Mother and daughter reading on sofa at home

pivotal in teaching tots

It’s no secret that children learn to speak when they are spoken to. The more the better, according to past research.

But a new study led by University of Pennsylvania scientists suggests that the quality of the parents’ speech, not the quantity, is what really makes a difference in building a young vocabulary.

What’s more, although past research found that children of wealthier and more-educated parents were more likely to hear lots of words, the new study found no connection between parents’ quality of speech and their socio-economic status.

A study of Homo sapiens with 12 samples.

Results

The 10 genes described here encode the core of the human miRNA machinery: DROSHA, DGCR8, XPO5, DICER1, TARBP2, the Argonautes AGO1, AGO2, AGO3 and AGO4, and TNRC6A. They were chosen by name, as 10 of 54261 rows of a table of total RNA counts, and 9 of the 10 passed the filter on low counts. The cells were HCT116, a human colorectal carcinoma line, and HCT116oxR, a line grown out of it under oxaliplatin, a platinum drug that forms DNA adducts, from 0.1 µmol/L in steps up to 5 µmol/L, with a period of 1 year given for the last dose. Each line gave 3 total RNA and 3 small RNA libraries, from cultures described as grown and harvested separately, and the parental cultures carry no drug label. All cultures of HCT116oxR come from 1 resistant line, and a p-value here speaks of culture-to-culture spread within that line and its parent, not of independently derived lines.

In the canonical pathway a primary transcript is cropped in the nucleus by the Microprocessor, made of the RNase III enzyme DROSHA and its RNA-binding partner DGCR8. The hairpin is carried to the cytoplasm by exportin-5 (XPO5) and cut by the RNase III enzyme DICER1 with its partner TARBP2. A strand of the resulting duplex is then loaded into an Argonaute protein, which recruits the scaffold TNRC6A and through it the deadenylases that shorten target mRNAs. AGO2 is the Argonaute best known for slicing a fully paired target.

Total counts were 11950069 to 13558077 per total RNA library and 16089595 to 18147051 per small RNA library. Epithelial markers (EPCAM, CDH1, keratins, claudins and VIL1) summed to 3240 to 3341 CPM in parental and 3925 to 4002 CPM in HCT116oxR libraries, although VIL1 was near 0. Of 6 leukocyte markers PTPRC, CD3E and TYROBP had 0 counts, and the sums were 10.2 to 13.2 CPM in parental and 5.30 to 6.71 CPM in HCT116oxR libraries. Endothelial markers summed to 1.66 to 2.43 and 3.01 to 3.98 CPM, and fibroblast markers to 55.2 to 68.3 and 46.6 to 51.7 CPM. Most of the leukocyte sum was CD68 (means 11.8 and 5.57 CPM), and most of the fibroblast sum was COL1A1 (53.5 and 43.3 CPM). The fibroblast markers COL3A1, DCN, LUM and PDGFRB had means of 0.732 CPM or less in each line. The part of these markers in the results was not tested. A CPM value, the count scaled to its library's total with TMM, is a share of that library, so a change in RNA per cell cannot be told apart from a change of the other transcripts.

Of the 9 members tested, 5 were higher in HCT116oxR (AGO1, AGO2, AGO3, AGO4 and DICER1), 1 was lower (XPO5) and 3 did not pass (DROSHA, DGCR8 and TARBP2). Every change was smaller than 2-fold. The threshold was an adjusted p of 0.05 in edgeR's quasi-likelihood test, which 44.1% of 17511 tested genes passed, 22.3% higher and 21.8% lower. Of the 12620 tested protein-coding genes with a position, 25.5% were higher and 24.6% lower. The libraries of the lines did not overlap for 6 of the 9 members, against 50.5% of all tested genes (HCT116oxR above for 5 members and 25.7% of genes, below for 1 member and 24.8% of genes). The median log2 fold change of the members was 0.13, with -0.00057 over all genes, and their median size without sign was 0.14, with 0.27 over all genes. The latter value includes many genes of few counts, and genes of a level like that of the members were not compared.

Anyone, in other words, should be able to give a kid a leg up.

“Kids really learn the meanings of words in one or two exposures,” said Penn’s Lila R. Gleitman, one of the authors and a professor emerita of psychology and linguistics. “It’s a matter of talking to your child, instead of talking at your child.”

The study, a collaboration with University of Chicago researchers, was published in Proceedings of the National Academy of Sciences.

Authors played multiple videos of 50 parents speaking to their toddler children and measured how easy it was for untrained observers to guess what the parents were saying with the sound turned off.

The parents whose words were easier to guess also seemed to have an impact on the toddlers they were addressing. On average, the higher the quality of speech as measured by the observers, the better the child’s vocabulary three years later.

More research is underway on just what are the characteristics of quality speech.